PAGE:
I’ve been praying a good deal lately about post-traumatic stress disorder. The perspective I have gained from my study of Christ Jesus’ teachings and Mary Baker Eddy’s writings has helped me to see even beyond positive thinking that would turn lemons into lemonade. Instead I’ve learned something about the natural spiritual law that operates on behalf of everyone impartially and that we can learn to yield to.
It starts with the idea that man and woman are created in the “image” of God, to be “very good”—like God (see Genesis 1:26, 27, 31). This means that we inherently reflect the good that comes from God; it is the law of reflection that man is the harmonious expression of God. As we begin to understand this, we experience healing and gain the confidence and strength to meet adversity.
The Bible is full of people who triumphed over difficult circumstances. Joseph, for example, was dumped into a pit by his jealous brothers, sold into slavery, and imprisoned for something he hadn’t done. But his understanding of his closeness to God enabled him to turn each adversity into a blessing. Joseph didn’t ask, “Why me?” He trusted in God’s care. This helped him out of the pit and later enabled him to interpret Pharaoh’s dream, prevent starvation during a famine, and reconnect with and forgive his family.
It was as if Joseph knew that the real story was not the episodes of one difficulty after another, but God’s endless loving care (see Genesis 37—50). Surely Joseph was living proof of this promise from the Bible: “All things work together for good to them that love God, to them who are the called according to his purpose” (Romans 8:28). Joseph moved forward as he kept close to God in his prayers and was obedient to the guidance he was getting from God, which gave him courage, protected him from harm, and provided for his needs.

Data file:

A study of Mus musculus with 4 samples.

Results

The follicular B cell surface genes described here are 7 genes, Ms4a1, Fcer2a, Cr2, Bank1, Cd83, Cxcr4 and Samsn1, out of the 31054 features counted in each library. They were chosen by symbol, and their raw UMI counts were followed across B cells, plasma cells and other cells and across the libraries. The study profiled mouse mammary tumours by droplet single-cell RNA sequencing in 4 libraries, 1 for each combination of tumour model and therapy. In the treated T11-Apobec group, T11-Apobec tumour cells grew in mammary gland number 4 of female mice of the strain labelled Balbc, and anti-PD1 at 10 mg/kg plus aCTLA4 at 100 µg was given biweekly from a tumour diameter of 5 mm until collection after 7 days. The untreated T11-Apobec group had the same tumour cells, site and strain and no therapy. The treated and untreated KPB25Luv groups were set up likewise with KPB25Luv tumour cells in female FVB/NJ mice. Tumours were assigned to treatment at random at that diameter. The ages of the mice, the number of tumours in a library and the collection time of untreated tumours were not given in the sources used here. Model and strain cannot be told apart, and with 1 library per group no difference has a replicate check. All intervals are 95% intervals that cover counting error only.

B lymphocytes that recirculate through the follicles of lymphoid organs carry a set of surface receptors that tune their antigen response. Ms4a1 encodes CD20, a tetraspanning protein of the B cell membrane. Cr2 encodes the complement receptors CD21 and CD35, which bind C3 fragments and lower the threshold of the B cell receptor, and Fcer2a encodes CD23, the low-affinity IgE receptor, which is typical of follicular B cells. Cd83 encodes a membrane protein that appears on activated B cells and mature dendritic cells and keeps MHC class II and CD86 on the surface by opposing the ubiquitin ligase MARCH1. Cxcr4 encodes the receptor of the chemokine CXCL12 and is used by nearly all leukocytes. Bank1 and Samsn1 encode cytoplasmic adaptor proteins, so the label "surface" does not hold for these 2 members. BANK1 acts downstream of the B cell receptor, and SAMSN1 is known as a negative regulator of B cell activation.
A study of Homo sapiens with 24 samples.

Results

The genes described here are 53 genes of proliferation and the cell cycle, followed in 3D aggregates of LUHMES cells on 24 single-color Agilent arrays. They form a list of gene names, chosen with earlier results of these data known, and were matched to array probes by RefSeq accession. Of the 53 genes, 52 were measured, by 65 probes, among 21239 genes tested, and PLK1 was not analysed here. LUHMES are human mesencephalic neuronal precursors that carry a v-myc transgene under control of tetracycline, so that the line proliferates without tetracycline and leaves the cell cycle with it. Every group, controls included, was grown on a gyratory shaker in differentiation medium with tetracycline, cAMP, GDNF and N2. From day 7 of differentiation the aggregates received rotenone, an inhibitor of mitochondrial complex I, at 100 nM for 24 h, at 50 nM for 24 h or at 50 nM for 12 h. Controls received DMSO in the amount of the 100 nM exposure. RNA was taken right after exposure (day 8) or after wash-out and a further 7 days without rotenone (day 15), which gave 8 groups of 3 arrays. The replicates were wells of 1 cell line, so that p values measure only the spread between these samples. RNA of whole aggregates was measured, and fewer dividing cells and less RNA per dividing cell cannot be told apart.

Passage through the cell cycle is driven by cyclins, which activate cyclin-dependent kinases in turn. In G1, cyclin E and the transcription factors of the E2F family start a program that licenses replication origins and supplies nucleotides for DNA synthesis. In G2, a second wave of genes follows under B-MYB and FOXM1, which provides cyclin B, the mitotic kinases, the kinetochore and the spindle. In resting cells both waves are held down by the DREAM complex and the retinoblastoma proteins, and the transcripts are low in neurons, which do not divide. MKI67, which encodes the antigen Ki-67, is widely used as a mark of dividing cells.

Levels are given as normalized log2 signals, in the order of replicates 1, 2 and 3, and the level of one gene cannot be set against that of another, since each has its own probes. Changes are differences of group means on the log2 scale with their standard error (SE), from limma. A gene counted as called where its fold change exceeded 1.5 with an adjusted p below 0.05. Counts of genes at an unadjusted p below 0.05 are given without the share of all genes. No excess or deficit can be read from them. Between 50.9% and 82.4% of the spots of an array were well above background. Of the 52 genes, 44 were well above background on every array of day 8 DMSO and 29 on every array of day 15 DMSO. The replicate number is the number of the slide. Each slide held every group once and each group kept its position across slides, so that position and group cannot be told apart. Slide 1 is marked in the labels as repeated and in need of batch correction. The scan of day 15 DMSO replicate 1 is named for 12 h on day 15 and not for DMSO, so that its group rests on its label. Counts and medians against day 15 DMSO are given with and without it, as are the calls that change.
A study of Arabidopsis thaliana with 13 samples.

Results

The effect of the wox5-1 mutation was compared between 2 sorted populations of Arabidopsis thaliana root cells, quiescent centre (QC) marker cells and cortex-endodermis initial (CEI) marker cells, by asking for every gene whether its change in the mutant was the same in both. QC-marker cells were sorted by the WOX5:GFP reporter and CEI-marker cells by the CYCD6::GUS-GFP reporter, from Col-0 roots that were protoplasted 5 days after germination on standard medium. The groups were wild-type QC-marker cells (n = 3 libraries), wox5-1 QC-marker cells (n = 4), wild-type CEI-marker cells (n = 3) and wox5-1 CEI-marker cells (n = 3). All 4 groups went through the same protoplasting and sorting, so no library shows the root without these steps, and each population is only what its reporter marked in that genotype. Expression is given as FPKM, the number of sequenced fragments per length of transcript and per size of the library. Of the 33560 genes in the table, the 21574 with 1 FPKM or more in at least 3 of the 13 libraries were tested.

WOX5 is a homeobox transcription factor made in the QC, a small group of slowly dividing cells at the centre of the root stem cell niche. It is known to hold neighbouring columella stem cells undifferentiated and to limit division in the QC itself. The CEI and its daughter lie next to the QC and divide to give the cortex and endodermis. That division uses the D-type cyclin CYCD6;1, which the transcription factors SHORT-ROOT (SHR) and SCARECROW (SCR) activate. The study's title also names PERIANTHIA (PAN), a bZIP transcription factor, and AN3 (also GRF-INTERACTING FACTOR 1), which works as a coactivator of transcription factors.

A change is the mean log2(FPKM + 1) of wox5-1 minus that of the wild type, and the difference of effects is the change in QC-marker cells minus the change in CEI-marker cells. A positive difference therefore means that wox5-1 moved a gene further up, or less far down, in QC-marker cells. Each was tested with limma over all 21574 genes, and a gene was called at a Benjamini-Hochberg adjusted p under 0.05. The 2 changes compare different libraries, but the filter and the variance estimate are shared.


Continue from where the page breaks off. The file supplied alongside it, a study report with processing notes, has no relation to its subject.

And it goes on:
We, too, can experience progress by seeing something of our oneness with God. Our real experience, after all, is as God’s expression of Himself. Goodness, mercy, wisdom, and so on come from God and are inherent in us as His children—natural for us to express. Instead of being buffeted about by the human sequence of good and bad events, we can cling to our understanding of good and strive to express these qualities in every circumstance—empowered by an understanding of where we truly come from. This in turn allows us to conquer adversity, helping us grow and progress.
A loved hymn sums it up this way:
I look to Thee in every need,
And never look in vain;
. . . . .
Embosomed deep in Thy dear love,
Held in Thy law, I stand:
Thy hand in all things I behold,
And all things in Thy hand.
Thou leadest me by unsought ways,
Thou turn’st my mourning into praise.
(Samuel Longfellow, Christian Science Hymnal, No. 134)
The more consistently we identify ourselves as the expression of God, the more we will find that we are able to overcome adversity and move forward.
Adapted from an article published in The Christian Science Monitor, June 23, 2016.